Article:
TAMPA — The Tampa City Council will decide the fate of the Coyote Ugly Saloon now that police have repeatedly warned the popular Ybor City bar for failing to provide enough security.
City rules require bars in downtown, Ybor City and Channelside to hire off-duty law-enforcement officers on nights they expect to have more than 250 patrons at once.
City attorneys say Coyote Ugly violated that requirement five times on weekends between late November and early March. On nights it was cited, the bar ranged from 286 patrons to 741.
Assistant City Attorney Rebecca Kert said the Tampa Police Department gave the bar’s owner warnings about the need to hire extra security, but they went unheeded.
“They were well aware of it,” Kert said.
Jeff Wiseman, spokesman for Coyote Ugly’s corporate office in Smyrna, Ga., was unaware of the trouble at the Tampa location. Each bar is independently owned and licenses the Coyote Ugly name, he said.
Victor DiMaio, spokesman for the Tampa location’s owners, said his clients have met the city’s security requirements since March. That included paying a $4,000 deposit to Tampa police to have two off-duty officers on hand between 10 p.m. and 2 a.m. Friday and Saturday nights.
Uniformed off-duty officers cost bars $41 per hour for security duty.
“Even if we don’t hit 250, we have two cops,” DiMaio said.
DiMaio suggested Coyote Ugly the city is being singled out by convening the hearing before the council.
The city council issues dozens of alcohol permits each year. Suspension or revocation hearings are rare.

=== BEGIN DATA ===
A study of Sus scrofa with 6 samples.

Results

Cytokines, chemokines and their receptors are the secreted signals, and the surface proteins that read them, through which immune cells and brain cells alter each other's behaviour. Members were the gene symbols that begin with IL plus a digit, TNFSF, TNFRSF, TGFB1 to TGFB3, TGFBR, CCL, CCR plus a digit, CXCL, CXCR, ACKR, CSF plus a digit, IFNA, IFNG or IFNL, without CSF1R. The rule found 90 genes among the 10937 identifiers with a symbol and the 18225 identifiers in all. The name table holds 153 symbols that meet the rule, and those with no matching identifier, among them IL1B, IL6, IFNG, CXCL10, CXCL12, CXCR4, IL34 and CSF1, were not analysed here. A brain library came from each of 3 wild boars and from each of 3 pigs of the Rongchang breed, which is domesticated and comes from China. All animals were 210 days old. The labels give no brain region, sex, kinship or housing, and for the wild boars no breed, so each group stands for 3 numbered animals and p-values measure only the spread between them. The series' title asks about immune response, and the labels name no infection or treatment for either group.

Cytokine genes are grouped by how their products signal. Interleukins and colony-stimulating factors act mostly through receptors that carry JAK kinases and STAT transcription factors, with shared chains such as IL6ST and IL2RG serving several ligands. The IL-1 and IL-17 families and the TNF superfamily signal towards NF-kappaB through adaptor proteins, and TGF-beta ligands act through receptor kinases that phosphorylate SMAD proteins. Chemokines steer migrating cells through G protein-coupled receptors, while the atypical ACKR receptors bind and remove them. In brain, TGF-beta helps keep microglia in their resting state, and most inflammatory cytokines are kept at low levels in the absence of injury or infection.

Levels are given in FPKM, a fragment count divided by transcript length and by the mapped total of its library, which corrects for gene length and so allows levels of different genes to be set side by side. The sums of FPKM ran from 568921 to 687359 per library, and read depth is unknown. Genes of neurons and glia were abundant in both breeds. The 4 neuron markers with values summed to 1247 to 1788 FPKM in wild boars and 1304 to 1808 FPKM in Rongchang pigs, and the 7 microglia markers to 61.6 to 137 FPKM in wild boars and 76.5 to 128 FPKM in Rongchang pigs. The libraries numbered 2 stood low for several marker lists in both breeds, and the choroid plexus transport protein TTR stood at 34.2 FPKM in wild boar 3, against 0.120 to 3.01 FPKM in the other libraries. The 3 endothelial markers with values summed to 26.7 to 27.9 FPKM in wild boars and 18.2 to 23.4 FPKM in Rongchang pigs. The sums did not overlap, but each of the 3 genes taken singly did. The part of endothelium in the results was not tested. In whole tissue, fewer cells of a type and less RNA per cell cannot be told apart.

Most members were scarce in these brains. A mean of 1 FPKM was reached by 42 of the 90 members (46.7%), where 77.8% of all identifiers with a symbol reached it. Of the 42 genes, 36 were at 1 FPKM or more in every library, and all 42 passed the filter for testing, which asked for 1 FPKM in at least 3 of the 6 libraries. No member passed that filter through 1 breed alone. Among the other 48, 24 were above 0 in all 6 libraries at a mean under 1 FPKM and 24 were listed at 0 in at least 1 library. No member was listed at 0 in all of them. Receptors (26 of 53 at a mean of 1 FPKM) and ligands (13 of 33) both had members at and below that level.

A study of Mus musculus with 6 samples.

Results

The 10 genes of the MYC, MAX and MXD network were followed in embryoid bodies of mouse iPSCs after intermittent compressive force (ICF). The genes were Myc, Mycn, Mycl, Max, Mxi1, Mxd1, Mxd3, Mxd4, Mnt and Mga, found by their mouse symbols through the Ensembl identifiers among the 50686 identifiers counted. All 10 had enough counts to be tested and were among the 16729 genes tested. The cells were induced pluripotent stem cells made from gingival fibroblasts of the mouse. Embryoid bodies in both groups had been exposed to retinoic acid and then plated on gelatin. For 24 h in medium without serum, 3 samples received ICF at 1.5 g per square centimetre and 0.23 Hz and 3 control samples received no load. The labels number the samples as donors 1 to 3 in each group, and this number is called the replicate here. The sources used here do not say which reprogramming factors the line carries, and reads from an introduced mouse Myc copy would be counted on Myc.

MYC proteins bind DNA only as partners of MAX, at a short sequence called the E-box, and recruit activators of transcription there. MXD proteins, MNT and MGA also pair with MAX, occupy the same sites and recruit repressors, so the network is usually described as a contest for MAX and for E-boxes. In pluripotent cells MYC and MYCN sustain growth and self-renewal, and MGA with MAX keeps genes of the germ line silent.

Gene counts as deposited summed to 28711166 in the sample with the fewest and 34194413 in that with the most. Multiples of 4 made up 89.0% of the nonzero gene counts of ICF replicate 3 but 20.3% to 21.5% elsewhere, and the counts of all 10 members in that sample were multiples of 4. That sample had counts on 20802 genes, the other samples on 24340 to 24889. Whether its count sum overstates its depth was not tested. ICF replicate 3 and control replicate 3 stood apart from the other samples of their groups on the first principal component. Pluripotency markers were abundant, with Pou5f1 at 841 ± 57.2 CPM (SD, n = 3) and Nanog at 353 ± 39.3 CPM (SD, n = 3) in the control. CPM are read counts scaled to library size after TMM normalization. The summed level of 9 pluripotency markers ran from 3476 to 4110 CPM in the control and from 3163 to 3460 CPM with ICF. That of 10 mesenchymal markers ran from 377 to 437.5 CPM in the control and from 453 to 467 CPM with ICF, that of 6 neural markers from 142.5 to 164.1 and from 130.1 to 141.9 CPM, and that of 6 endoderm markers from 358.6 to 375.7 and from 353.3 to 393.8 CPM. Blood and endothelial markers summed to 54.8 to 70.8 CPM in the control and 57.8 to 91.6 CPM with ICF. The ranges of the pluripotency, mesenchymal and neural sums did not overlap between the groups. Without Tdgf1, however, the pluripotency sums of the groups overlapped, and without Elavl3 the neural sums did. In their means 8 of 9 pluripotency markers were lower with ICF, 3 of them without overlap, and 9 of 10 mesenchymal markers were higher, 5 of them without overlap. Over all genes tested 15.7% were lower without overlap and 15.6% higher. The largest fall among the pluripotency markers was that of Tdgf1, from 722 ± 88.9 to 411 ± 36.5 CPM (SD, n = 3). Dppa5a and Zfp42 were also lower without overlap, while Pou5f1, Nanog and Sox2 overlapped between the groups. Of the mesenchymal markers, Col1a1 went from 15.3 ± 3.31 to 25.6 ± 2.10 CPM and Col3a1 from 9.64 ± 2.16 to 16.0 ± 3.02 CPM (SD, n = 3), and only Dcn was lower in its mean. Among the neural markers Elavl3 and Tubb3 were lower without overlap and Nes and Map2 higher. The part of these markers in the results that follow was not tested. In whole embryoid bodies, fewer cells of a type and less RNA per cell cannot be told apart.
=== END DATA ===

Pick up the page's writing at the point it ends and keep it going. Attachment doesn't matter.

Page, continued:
In the wake of shootings at some Tampa bars and noise complaints about others, council members are promising to get tougher on businesses that serve alcohol. The city can’t revoke state-issued liquor licenses, but it can act against city-issued operating permits that allow alcohol sales on a given piece of property.
Council members backed off a proposal late last year to create an after-hours permit for bars and restaurants that want to operate between midnight and 3 a.m. That and other ideas could return for discussion when the council meets in a workshop session June 19.
City officials originally planned to send Coyote Ugly’s case to the city council for punishment this week, but one of the police officers involved is away so the hearing has been delayed until June 26.
Kert said city officials plan to press forward with their case against Coyote Ugly even though the bar meets city rules now. Doing so will create the first piece of a paper trail that could be used to revoke the bar’s operating permit if it continues to violate city rules, Kert said.
City council members will have the option of suspending Coyote Ugly’s city-issued permit for up to 30 days or even going to far as to revoke it. The property at 1720-1722 East Seventh Ave. has had a permit to sell alcohol since Jan. 23, 1997.